Forensic science is now the perfect compliment to crime investigation. Recent advances in the art and science of forensic investigation has made many crimes, which would have been otherwise unsolvable, closed cases in a matter of weeks and months. Many times a trace amount of evidence, virtually undetectable to the human eye, have literally “fingerprinted” the convicted perpetrator as the only possible and legitimate suspect. At other times, an accused yet innocent person has been justified in the eyes of the law by the complete lack of forensic evidence tying them to the scene or situation of the crime in discussion.

Does it not amaze you that a fleck of paint from an automobile yields not only a physical description, but the make and model, perhaps even the year of a specific vehicle? A fiber of carpet, invisible to the naked eye, yet as readable as a novel to a high-powered microscope, tells investigators whether or not a perpetrator has in fact walked in a certain room or spent time in a certain building. A tooth provides a positive identification for a body. A femur bone from the leg tells us a persons, height, weight, sex and perhaps even race.

Even now as much of our country walks through their daily events with an inordinate amount of suspicion and fear as the Sniper serial killer lurks undetected in the Washington DC area, we applaud the work of investigators as they ascertain within hours that a spent bullet, misshaped and deformed from the high speed collision with a victim, has been propelled from the same unique barrel of a specific gun. And we take refuge that, as with hundreds of criminals in the past, this one too will be chased down by forensic science and a jail cell waits closer than he thinks.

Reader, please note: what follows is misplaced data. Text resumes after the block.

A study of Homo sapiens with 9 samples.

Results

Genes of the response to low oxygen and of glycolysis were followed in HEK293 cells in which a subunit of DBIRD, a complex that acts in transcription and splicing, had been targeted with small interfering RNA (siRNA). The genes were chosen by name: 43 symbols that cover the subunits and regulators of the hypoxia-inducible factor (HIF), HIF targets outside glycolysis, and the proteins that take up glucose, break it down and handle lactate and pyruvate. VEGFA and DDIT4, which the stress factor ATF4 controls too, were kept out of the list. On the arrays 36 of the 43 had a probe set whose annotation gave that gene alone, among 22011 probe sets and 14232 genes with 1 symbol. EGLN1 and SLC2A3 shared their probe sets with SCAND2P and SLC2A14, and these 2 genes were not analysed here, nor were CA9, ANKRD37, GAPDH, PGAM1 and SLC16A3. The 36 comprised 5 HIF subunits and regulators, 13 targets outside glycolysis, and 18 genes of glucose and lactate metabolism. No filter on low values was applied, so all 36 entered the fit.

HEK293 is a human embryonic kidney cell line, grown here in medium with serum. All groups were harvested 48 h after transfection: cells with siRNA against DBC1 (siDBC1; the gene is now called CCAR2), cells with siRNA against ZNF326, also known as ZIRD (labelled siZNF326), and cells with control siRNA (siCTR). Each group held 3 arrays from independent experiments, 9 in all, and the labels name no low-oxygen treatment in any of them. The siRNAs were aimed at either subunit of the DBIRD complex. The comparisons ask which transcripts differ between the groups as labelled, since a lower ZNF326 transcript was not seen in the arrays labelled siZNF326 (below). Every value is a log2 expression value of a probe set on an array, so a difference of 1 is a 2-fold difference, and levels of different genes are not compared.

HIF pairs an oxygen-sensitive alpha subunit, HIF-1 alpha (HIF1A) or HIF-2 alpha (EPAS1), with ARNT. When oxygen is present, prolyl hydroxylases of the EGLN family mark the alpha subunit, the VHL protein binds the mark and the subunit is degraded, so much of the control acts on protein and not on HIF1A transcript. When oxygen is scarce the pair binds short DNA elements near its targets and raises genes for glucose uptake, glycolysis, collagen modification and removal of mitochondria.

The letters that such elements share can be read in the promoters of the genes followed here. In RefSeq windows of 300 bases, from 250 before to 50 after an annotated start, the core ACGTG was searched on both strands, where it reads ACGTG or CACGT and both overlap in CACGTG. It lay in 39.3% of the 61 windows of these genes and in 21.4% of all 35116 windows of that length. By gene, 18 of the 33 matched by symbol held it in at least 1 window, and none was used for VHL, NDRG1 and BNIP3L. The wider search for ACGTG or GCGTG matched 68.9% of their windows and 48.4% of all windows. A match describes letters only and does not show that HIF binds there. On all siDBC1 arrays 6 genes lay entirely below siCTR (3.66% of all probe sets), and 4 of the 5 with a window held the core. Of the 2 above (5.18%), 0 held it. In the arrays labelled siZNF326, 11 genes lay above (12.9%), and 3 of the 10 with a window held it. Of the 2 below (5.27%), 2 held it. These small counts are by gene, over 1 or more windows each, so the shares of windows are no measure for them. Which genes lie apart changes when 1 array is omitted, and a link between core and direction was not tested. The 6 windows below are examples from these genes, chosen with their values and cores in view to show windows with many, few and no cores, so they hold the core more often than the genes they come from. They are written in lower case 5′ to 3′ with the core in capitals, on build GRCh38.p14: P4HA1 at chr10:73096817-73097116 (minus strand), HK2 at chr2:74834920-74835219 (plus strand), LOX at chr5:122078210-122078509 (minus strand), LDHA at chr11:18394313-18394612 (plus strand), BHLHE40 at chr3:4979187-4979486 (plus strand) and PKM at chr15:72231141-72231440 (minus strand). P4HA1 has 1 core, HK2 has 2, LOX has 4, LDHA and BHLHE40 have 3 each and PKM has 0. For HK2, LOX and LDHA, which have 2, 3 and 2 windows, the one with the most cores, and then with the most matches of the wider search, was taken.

In our text this morning, from Matthew 22, we find that another investigation is under way. This investigation is not a probe into a murder case however. The charges are far more serious. Though the official charge of blasphemy has not yet been declared, the facts are already being gathered, and a case is already being built against Jesus of Nazareth, a carpenter.

One group after another takes their shot at Him, prodding Him with questions, hoping for the slightest fault line in His answers. Verse 34, “Hearing that Jesus had silenced the Sadducees, the Pharisees got together.” Ladies and Gentleman of the Jury the essence of the mystery is summarized in verse 42: What do you think of the Christ? Whose son is He?

The Pharisee’s question also is deflected by an answer so superb in it’s reason, so fool-proof in it’s logic that only a divine could have responded as well. They should have known that questioning Him about the Law was His strong suit: He is after all, its author.

And now it is time for Jesus to ask them a question, the same question that I ask you to answer yourselves this morning: What do you think about the Christ? Whose son is He?

I bring first before you all, the eyewitnesses. Some testify that He is a vagrant, “Here is a glutton and a drunkard, a friend of tax collectors and sinners” they babble (Matthew 11. 18,19). The slander of others is far worse, “He has a demon” they emphatically announce. Or even more despicable yet, “It is only by Beelzebub, the prince of demons that this fellow drives out demons!”

But not all of the eyewitnesses speak woefully of Him. Some are well intentioned, yet misguided. “Some say that (He is) John the Baptist, others say Elijah; and still others, that one of the prophets of long ago has come back to life” (Luke 9.18ff). They too are wrong. Granted He is a prophet, but never before has a prophet walked on water. He far exceeds them all in His majesty and preeminence.

And then we have the testimony of Peter, a simple fisherman who lived and walked with Christ during His earthly ministry, saw miracles unfold before his eyes; limbs restored to health as if being created again from Heaven. Sure this eyewitness has tarnished his own credibility—he denied his master three times. A perjurer when questioned about this Jesus. He even had an assault and battery suit filed against him when he struck Malchus the servant of the high priest with his sword, but the charges were dropped when Jesus healed the man as quickly as Peter sliced him (Luke 22.47ff). Peter’s legal deposition regarding the identity of Jesus of Nazareth reads as follows: “You are the Christ, the Son of the Living God” (Matthew 16.16).